WorkSafe Victoria investigators have prevented almost $37 million from being syphoned from Victoria’s workers' compensation scheme by fraud in the past four years.
While the vast majority of people use the scheme for legitimate support for themselves and their families as they recover from a workplace injury, WorkSafe Victoria said a small minority attempt to game the system for their own benefit.
Investigators halted 23 fraudulent claims with a combined projected lifetime cost to the workers' compensation scheme of $19.47 million in the 2021-22 financial year.
Computer-based analytics and data matching were playing an increasing role in exposing those lining their pockets at the expense of injured workers, said WorkSafe Victoria director of investigations Peter Collins.
“Tools for detecting workers compensation fraud are becoming increasingly sophisticated, making it easier to identify suspect patterns of behaviour and claim types,” Collins said.
“Anyone attempting this kind of fraud should know that WorkSafe has developed and deployed new techniques, meaning we will find you, we will catch you and we won’t hesitate to prosecute you.”
WorkSafe investigators using data analytics were able to link one claim with previous fraudulent work injury claims lodged in NSW that had led to an arrest warrant being issued in that state.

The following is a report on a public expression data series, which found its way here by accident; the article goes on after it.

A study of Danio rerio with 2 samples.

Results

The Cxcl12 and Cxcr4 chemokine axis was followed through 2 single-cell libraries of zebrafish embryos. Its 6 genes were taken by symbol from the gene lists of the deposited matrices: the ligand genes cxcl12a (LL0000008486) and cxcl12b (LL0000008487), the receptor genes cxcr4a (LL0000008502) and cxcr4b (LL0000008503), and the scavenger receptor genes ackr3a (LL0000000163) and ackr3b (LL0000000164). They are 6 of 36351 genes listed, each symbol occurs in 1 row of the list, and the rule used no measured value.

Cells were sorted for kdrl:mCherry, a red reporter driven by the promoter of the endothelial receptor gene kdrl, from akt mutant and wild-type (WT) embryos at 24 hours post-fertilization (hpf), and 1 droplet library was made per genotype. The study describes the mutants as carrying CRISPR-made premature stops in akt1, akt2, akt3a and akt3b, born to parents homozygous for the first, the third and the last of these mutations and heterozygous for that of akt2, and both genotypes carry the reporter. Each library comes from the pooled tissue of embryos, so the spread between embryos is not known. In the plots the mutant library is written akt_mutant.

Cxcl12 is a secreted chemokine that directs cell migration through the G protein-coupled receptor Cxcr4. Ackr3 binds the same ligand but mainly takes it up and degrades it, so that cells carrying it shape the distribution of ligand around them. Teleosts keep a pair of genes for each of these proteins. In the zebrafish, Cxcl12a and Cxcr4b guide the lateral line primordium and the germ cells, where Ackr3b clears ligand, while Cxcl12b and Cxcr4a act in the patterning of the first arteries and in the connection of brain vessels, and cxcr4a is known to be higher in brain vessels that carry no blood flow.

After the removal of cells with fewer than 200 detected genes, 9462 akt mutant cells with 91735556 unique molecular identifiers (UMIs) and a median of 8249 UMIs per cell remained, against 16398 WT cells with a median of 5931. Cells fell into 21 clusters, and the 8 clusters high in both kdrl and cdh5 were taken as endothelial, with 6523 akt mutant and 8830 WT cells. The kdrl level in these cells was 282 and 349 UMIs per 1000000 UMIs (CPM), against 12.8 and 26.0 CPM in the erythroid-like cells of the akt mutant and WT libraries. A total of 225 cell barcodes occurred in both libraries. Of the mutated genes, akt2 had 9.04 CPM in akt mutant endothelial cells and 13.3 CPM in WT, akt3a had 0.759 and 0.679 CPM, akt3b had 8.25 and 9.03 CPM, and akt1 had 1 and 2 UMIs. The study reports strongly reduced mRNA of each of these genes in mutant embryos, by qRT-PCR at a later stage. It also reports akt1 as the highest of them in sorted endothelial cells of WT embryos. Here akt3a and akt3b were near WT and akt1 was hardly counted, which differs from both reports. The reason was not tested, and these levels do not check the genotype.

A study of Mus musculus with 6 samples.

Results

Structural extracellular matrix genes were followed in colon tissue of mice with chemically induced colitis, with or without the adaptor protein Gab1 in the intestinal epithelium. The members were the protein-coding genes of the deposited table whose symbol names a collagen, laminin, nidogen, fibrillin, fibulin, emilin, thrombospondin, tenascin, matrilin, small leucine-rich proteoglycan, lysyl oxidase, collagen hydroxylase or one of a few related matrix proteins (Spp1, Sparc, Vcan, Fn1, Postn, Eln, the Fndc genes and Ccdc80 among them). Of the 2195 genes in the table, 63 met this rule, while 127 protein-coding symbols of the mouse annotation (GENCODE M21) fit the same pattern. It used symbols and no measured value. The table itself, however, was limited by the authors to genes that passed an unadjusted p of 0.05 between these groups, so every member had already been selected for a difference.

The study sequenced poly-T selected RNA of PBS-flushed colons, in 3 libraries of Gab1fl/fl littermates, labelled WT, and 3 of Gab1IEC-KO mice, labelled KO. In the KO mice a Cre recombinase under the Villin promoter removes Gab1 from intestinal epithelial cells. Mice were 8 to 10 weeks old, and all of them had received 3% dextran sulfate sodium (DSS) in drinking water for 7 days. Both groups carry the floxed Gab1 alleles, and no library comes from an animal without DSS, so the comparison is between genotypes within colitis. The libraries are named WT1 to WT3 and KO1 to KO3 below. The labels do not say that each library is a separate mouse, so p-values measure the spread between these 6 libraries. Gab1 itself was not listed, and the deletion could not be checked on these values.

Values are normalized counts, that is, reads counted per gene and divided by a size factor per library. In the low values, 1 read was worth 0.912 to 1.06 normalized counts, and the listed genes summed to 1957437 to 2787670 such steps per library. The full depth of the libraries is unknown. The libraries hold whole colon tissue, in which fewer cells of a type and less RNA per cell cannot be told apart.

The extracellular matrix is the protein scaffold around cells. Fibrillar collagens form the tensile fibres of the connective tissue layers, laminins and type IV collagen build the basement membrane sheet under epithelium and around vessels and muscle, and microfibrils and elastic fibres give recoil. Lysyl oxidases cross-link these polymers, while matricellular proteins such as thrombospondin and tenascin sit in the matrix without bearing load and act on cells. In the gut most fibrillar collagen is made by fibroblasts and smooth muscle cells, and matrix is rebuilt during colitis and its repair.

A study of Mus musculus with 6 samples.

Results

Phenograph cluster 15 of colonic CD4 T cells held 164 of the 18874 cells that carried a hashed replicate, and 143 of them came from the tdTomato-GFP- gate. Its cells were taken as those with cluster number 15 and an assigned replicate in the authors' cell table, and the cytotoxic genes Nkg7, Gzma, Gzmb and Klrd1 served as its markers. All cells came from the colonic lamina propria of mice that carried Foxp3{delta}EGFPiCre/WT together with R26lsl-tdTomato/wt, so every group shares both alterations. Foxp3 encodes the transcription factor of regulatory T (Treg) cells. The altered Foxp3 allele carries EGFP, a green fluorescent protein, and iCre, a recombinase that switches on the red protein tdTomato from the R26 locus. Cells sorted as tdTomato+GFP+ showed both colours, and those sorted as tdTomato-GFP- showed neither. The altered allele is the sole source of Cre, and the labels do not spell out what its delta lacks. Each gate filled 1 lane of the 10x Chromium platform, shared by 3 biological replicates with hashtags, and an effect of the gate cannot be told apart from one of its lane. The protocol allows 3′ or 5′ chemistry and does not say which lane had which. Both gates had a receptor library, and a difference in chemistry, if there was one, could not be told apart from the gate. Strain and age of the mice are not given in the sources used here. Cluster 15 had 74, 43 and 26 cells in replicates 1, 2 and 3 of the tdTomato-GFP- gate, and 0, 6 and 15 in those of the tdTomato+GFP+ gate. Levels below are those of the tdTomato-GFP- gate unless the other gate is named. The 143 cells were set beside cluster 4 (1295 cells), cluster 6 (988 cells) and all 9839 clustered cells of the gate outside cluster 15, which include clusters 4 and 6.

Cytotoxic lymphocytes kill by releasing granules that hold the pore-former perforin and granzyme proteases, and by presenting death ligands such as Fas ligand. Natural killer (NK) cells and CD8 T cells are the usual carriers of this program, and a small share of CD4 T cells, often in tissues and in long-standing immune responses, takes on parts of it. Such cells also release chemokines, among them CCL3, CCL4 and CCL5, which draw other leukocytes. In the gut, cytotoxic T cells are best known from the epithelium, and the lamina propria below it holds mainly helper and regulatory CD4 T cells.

As a result, the 65-year-old accused was arrested in Victoria, extradited to NSW and sentenced to more than four years in prison.
Since 1 July 2018, WorkSafe has completed 65 successful fraud prosecutions, resulting in more than $1.65 million in restitution and repayments.
In the majority of those cases, the accused was found to be earning income at the same time as claiming compensation, including one offender who was sentenced to nine months in prison after fraudulently obtaining more than $112,000 in payments while working.
Before launching any prosecution, WorkSafe can immediately terminate compensation payments where there is sufficient evidence that they have been obtained fraudulently.
Thirteen fraudulent claims with a combined projected lifetime cost of $3.98 million were terminated in 2020-21; eight, worth $3 million, were halted in 2019-20; and 23 claims, valued at $8.65 million, were terminated in 2018-19.